East Tower

A video artwork comissioned by White Noise City, in response to the ‘East Tower’ at the old BBC site in White City London. Work was made in collaboration with Hannah Dargavel-Leafe.

An interview with white noise, detailing the project

It was two months ago now that we threw out a challenge: transform, interpret and creatively destroy the former BBC East Tower. Encircled by diggers and construction workers, this tower is a still and quiet point amidst the bustle of the Television Centre building site. But only for now. At the end of this month, the building will be demolished.

We’re excited to give you a first glimpse of art that’s being created in response to this extraordinary place. Jack West and Hannah Dargavel-Leafe are crafting a CGI short film inspired by the East Tower, and here they share with you a taster of their work in progress.

West and Dargavel-Leafe describe their work as sculpture. But don’t expect to see lumps of marble or chisels in their workroom. Instead, they sculpt shapes and sounds in digital form. West makes the visuals and Dargavel-Leafe collects sounds that she processes until their sources are unrecognisable. The noises you catch in their work-in-progress video below, for example, are produced from the flicker of lights turning on and off. You’d never guess.

How are you finding the tower? I had a roam around the empty floors yesterday and it’s bloody creepy in here. It’s really eerie. 

Jack: If you go in the toilet blocks, it feels like an apocalyptic zombie film. There is a history of this building that isn’t that, but you come to it and it’s very much this emptiness.

Hannah: We were talking today about how static it was. It’s not what it was, it’s not what it’s going to be. It’s in this weird in-between state.

Jack: You have no idea about how long it’s been abandoned for.

Hannah: We’re also fascinated by on the other side: the diggers and the rock crunchers that are breaking down the foundations outside.

Jack: It’s been a lot of looking. Even the pin boards are very interesting.

I notice they’re in the work-in-progress video that you sent.

Jack: They’re very small actions that seem to represent this place. It’s been a lot of looking so far.

Hannah: A lot of looking and also getting the mood of it. A lot of children’s TV went on here, but we can’t help but make our film creepy. We’re really trying to pull that back a bit, but all my sound recordings… Well, the one that’s on the work-in-progress sample is actually the sound of the lights flickering on and off. I’ve got a special microphone that records the electricity turning on and off. I’m trying to get into the fabric of the building, and work with that to make the sound. There are these great little holes in the windows where I can stick a microphone out and record the building site below, and get the relationship between the building and the building site. I want to get contact microphones that will record the vibrations of the building.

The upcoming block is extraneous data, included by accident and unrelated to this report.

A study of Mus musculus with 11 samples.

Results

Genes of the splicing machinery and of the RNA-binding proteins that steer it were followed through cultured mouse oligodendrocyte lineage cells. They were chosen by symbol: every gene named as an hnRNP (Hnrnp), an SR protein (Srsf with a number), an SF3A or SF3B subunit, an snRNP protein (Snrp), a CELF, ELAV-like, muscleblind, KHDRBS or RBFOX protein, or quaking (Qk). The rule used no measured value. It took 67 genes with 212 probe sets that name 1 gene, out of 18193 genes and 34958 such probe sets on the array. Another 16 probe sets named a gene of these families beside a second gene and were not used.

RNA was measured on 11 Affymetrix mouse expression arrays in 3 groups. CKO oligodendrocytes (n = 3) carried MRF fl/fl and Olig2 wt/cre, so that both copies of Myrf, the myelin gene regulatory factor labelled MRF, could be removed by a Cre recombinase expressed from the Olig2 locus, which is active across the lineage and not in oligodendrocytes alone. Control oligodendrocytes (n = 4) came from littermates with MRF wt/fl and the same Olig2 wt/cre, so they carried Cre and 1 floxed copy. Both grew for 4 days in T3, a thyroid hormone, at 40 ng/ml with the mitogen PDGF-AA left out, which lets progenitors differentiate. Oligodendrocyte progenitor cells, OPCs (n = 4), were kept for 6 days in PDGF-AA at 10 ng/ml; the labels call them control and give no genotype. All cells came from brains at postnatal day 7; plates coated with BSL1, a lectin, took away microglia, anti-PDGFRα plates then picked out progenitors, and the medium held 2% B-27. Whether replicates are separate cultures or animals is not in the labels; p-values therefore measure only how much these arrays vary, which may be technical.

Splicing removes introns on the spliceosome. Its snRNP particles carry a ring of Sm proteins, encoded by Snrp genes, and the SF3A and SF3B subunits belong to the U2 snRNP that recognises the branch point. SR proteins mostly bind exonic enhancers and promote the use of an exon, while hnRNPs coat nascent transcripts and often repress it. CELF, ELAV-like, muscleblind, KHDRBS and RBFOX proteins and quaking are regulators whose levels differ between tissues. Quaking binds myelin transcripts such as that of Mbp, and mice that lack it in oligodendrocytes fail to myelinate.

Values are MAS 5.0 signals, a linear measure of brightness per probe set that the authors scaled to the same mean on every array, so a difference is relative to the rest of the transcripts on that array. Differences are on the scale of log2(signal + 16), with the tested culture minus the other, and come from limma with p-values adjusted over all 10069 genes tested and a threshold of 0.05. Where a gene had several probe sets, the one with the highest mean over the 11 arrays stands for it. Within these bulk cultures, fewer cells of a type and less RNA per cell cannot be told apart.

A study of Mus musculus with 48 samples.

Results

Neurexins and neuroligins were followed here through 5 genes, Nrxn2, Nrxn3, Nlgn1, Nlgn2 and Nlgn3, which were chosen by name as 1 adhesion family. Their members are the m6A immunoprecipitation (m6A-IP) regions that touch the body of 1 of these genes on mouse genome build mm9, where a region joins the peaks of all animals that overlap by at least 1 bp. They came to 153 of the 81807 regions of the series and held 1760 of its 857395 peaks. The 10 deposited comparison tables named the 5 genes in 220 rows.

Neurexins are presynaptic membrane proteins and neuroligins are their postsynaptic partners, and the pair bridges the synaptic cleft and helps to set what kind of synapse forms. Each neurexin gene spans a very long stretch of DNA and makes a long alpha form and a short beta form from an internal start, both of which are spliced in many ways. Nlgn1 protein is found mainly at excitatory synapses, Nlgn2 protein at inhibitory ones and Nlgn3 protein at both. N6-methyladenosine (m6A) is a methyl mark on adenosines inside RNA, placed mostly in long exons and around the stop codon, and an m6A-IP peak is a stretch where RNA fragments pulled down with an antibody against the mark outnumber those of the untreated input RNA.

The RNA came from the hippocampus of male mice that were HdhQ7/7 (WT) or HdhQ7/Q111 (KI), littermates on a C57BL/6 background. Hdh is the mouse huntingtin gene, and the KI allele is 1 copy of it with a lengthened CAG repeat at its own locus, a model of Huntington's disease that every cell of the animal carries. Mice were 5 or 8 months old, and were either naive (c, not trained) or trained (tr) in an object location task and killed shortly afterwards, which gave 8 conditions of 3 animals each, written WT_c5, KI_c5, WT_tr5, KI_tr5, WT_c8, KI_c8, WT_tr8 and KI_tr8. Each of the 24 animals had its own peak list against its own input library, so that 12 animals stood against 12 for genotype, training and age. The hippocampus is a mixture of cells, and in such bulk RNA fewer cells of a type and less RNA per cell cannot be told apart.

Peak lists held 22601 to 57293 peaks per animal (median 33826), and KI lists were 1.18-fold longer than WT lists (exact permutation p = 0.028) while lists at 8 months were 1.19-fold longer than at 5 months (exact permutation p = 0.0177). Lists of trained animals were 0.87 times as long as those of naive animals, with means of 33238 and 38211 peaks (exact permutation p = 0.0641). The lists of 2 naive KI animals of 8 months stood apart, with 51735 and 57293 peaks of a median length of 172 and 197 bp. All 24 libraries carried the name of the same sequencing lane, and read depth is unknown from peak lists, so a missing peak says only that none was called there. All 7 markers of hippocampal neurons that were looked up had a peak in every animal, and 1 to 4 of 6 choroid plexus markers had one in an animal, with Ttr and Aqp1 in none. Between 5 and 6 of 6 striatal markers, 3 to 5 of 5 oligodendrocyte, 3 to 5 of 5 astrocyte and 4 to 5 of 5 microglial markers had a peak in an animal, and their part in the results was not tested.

Wow, that’s fascinating. You’re listening to the resting sounds of the building.

Hannah: Yes, but also what I’m picking up is a lot of building work that’s going on outside is affecting the building. Putting microphones on the glass acts as a sort of amplifier of what’s going on outside. So the building can become a listening device for what happens outside. Where does this building sit between its past and future? I think as a listening device.

You describe the Tower as static, and it is static, but it’s also this still point that’s subject to a lot of change.

Jack: A huge amount of action’s going to happen; something’s going to come down. This thing is full of potential energy.

Hannah: Over the years, how many people must have passed through! My aunt used to work as a set designer for the BBC and I said, “What did you know about the East Tower?” She said, “Hated that building.” She said it was really drab and a bit depressing.

And it’s only got more depressing now it’s been abandoned!

Jack: It’s funny looking at things like abandoned offices. You see the little remains of what people have done, like pin boards going up. There was once such a decision in doing that.

Hannah: And the pin board is always where you put the ideas, and the floors are covered in pin boards.

Jack: The pin board seems to be a constant theme in every single space. All these marks – marks of that was a thought or an idea.

I like the thought that these are a marker of people’s ideas. 

Jack: This pin board becomes almost a landscape. If you invert it, suddenly you’ve almost got this playing board. It does bring it back into this childlike thing. I don’t want the film to be like creepy Teletubbies! But there are elements of that, and having this slightly kids TV feel is perfectly appropriate.

Hannah: Sometimes you’ve got to let the building dictate that.

Jack: I keep coming back to this sense of a computer game, the slight sense of being lost and going, “Well, what’s in here?”

Hannah: Trying doors. Oh, that door’s locked. This one opens. Ooh, I wasn’t expecting that behind the door.

Your project is very much a work in progress, but what’s your current feel about the final piece?

Jack: What we’re finding quite interesting is this idea of placing things next to each other. Watching these machines outside, and then having that next to these very simple actions like pin push or a wheel turn.

Hannah: There’s the outside, the inside; the future and the still point of where it is now; the huge scale and the tiny scale.

Jack: It’s a study of the building at the point in time.